The state toxic department’s chief deputy director relinquishes role weeks after NBC Bay Area investigation
A key leader at the Department of Toxic Substances Control has stepped down from her post just weeks after the Investigative Unit uncovered a stock portfolio full of investments into companies her department oversees.
Odette Madriago was second in command at the DTSC—the department charged with protecting Californians from toxins in the air, water and soil—but in an internal memo sent to staffers on Friday, DTSC director Debbie Raphael wrote that Madriago has relinquished her role as chief deputy director and will retire at the end of the year.
“It is with great sadness I write this,” Raphael wrote in the memo. “For the past two years I have worked closely with Odette Madriago, depending on her to carry the very heavy weight of many critical issues.”
NBC Bay Area first uncovered in April that Madriago—a 28-year-veteran of the department—held stock in numerous companies regulated by her department, including up to $100,000 in Chevron for at least seven years, and up to $1 million in General Electric for three years.
The Fair Political Practices Commission (FPPC) launched a formal investigation into Madriago for possible ethics violations following NBC Bay Area’s report. That investigation is ongoing despite news of Madriago’s retirement, according to FPPC’s Enforcement Division Chief Gary Winuk.
One longtime DTSC employee told the Investigative Unit that Madriago’s resignation is a “glimmer of hope” for the department. The source, who wants to remain anonymous because of fears of retaliation, first spoke out to NBC Bay Area to expose DTSC leadership for putting polluters ahead of Californians and the environment.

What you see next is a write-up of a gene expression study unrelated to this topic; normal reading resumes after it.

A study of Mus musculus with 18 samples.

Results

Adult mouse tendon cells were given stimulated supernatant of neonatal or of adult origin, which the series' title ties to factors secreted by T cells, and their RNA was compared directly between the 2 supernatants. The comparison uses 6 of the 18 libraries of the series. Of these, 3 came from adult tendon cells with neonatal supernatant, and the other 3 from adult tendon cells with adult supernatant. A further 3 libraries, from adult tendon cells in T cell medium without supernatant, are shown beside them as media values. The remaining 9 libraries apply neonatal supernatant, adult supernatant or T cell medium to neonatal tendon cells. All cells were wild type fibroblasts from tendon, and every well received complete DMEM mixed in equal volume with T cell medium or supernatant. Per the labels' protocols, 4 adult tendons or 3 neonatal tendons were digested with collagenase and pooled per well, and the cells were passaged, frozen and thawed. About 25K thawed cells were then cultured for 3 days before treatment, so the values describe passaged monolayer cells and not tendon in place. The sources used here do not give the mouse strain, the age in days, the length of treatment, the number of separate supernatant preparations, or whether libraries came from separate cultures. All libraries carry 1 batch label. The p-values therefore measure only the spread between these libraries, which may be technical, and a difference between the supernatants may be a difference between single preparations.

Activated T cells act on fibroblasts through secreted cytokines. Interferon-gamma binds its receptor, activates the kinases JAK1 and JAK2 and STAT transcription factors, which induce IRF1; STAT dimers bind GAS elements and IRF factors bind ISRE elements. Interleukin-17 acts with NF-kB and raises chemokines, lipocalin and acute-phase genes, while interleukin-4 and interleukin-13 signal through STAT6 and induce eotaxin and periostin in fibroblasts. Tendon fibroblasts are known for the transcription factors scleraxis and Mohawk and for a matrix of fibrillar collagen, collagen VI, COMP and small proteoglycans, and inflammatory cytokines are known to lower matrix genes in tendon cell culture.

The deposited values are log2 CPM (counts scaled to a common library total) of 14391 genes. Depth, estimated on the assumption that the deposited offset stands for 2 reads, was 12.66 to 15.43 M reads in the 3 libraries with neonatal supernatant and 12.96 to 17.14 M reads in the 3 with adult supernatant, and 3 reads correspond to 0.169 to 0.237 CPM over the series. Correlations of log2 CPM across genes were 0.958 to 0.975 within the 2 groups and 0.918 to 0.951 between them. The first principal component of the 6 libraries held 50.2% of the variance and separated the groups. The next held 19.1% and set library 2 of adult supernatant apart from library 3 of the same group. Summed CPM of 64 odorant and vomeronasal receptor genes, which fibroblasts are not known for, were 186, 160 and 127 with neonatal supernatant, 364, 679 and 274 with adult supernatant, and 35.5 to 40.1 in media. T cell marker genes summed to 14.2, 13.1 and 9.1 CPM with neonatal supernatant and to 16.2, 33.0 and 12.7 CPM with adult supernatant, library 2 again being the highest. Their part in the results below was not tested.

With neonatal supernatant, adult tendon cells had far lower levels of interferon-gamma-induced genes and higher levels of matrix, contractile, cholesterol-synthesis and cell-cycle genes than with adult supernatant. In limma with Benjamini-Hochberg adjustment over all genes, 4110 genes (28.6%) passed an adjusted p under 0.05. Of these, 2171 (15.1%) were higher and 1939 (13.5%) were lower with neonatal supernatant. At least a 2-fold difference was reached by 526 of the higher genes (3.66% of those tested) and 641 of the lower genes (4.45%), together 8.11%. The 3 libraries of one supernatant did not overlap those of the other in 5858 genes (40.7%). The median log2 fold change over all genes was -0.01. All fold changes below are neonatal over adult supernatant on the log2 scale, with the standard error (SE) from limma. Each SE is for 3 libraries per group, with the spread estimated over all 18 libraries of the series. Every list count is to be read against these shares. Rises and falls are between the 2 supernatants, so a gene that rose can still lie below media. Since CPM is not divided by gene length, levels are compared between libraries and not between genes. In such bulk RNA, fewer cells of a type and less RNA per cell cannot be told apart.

“DTSC was really failing in terms of its priorities,” the source said.
Liza Tucker, an advocate from Los Angeles-based Consumer Watchdog also believes DTSC leaders were too close with companies they are supposed to regulate. The state Senate Office of Oversight and Outcomes is also investigating claims that the DTSC is putting polluters before the public.
“That fact that Odette decided to retire and step down is excellent news for the people in the state of California,” Tucker said. “She was a symbol of dysfunction and bias toward industry. She was a symbol of an agency in bed with polluters and now it’s a very good thing she is gone.”
Tucker authored a critical report about the DTSC called Golden Wasteland, and also gathered thousands of signatures petitioning Governor Brown to fire Madriago from the position she has held since 2008. She credits NBC Bay Area’s investigation for shining light on Madriago’s apparent conflicts-of-interest by holding stock in companies the DTSC oversees.
“I think that sunlight is always the best disinfectant,” Tucker said. “I think there is no question that both Golden Wasteland and your reporting tipped this over the edge.”
The DTSC source said news of Madriago’s departure is the first sign of real change at the DTSC in a long time.
“Having something like this come out on a major network really got their attention,” the source said.
Madriago declined requests for comment and the department says the state investigations did not play a role in her decision to step down. Director Raphael left for a weeklong business trip after issuing the announcement and is not available for comment on her search for a new chief deputy director.